Moved with pity, Jesus stretched out his hand and touched him, and said to him, “I do choose. Be made clean! (Mk 1:41)
This Sunday’s Gospel reading, in continuation with last Sunday’s text, describes another healing—a miracle. In fact, in the Gospel of St. Mark which we are reading this year, the miracles of Jesus comprise one fourth of the entire text. Jesus, we are told, is moved with pity; touches the leper, heals him, and instructs him to fulfill the prescriptions of the law concerning leprosy (Lev 13, 14) and, what is strange, Jesus sternly warns the leper to say nothing to anyone about his healing.
Though the miracles of Jesus comprise one fourth of the text of St. Mark’s Gospel, they were never intended to prove our Lord’s divinity and His mission and purpose among us on earth. They illustrate these things. This is why Jesus sternly warns the leper to say nothing about the healing. What matters is not the healing—though it is important—but faith in Jesus as the Son of God. So we see that miracles and miraculous cures are often joined to the forgiveness of sins as a way of legitimising our Lord’s act of forgiveness. What matters most is repentance and faith in Jesus Christ.
The Gospel of St. Mark speaks to our powerlessness. In the ancient world and specifically in the Jewish milieu, no one was more powerless than a leper. Lepers were outcasts; literally cast out of the community, forced to wear distinctive clothing and to be segregated, as we heard in the first Reading from the Book of Leviticus. Jesus however, touches the leper. In so doing Jesus becomes ritually impure but in this action He illustrates that God can heal everything. Jesus is not afraid to touch our leprosy—whatever it may be, because His grace is infinitely more powerful. Christ our Lord is the divine physician.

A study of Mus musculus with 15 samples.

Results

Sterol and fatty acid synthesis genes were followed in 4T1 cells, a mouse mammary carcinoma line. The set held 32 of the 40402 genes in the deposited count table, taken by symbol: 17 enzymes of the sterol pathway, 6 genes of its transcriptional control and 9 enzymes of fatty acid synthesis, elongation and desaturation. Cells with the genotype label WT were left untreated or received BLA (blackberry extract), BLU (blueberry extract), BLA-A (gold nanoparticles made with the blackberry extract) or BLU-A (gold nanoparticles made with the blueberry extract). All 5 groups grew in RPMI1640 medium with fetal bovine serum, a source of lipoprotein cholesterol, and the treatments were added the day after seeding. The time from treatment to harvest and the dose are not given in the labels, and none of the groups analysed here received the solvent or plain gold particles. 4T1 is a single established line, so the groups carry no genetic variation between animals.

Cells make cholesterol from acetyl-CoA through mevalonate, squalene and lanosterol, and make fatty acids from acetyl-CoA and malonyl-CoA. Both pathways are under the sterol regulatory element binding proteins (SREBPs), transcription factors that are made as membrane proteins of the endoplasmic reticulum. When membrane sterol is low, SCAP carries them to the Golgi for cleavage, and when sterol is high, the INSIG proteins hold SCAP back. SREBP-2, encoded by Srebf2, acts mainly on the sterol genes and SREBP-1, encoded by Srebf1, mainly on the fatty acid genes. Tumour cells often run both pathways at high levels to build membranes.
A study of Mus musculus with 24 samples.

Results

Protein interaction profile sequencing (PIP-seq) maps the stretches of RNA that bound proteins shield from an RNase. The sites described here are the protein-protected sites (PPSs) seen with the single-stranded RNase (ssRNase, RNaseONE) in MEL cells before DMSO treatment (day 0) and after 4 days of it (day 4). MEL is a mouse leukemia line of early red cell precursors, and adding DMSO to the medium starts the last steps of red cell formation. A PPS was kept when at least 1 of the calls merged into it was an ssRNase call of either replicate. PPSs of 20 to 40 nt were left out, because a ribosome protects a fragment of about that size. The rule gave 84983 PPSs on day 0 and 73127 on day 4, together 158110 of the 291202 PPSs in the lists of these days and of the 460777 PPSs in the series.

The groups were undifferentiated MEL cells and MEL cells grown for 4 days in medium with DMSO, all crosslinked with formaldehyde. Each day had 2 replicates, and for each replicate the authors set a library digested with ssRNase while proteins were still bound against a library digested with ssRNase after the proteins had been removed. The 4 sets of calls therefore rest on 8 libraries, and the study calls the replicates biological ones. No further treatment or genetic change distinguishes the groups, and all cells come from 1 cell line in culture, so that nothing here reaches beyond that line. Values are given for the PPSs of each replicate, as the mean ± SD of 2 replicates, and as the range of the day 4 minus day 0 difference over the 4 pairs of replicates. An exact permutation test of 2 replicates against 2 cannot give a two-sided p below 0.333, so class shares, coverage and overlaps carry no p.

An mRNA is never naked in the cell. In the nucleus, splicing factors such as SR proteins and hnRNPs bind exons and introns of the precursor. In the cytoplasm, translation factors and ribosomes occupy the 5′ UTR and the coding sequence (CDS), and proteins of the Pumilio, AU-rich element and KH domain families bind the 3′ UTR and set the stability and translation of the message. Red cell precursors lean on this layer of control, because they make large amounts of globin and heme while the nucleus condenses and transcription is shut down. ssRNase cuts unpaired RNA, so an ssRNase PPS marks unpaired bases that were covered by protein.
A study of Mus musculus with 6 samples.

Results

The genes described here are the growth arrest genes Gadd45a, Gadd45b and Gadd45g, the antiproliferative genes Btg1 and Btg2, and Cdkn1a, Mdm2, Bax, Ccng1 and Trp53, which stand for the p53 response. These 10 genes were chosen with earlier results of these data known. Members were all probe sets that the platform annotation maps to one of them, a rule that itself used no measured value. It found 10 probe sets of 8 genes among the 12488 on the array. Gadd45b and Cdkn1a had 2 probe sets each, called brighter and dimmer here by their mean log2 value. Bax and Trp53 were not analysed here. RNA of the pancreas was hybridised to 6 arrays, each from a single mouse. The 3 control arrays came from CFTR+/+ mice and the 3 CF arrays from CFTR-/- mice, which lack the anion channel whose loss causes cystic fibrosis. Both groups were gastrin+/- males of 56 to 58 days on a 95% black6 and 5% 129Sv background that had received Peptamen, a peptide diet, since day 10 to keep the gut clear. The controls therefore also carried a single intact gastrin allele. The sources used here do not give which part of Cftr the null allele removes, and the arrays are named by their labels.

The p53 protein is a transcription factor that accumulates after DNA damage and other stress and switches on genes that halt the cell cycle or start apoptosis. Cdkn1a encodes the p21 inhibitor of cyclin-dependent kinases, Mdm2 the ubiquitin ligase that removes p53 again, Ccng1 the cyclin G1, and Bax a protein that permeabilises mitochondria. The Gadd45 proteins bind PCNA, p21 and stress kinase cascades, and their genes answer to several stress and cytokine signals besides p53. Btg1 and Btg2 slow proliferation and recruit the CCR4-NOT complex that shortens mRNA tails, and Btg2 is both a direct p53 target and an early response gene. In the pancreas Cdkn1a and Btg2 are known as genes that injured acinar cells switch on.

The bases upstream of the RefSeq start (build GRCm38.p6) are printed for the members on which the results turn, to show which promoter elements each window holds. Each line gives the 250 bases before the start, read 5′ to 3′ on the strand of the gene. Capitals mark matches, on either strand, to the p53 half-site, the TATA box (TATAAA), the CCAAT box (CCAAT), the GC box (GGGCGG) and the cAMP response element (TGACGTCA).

“If you choose you can make me clean” (Mk 1: 40). Just as the leper invited Jesus into his life, we too must invite Jesus to heal what is wounded in us either because of our own sins or because we have been sinned against. Jesus enters into our lives and shows us that we never have to be alone and out of control. The poor leper was out of control because his whole existence, his whole life was defined by his illness. He was a leper. His illness gave him his identity. It is not difficult to be out of control when we allow anything other than God to determine our lives, our identity. Before we are defined by what we do or what may be afflicting us, we are defined by who we are—God’s children. In the turmoil that our lives can become, we sometimes forget this. This is why the prescription for the healing of the human condition—wounded as it is—is always the same: repentance and faith in Christ Jesus, in whom we are sons and daughters of God. This is the medicine which we can never do without.
“If you choose you can make me clean” (Mk 1: 40). On Wednesday will begin the holy season of Lent, a time of prayer, penance, fasting, almsgiving, and repentance. Individually and together with Christians throughout out the world we will heed the Gospel message of repentance; a message that is always relevant because it is essential to the transformative manner of life that God offers us in Jesus Christ our Lord—a life of growth and unity with God in whose image and likeness we have been created. It is a manner of living which is characterised by peace; the peace of victory over sin and self, and the banishment of the illusion of self-sufficiency. The Gospel is indeed the good news of salvation and liberation. It is a life of freedom from sin and its consequences. Though you never hear it, a silent prayer is said by the priest at the end of the Gospel reading. Per evangelica dicta, deleantur nostra delicta: By the words of the Gospel may our sins be blotted out. This silent prayer affirms our belief that in the hearing of the Gospel we are brought to faith in Jesus Christ who came into the world “not to condemn the world but that the world might be saved through him” (Jn 3:17). The reading of the Gospel is much more than proclamation; in it Christ becomes present. Jesus who healed the leper is no less present to us today with his offer of salvation. We need not be bound by the limitations of sin. We are defined neither by our illnesses nor by our sins. God can heal us. Let us pray for one another as we enter into the Holy Season of Lent; that all of us may discover anew the healing that comes to us in the Word of the Gospel and the Word made Flesh, the Holy Eucharist.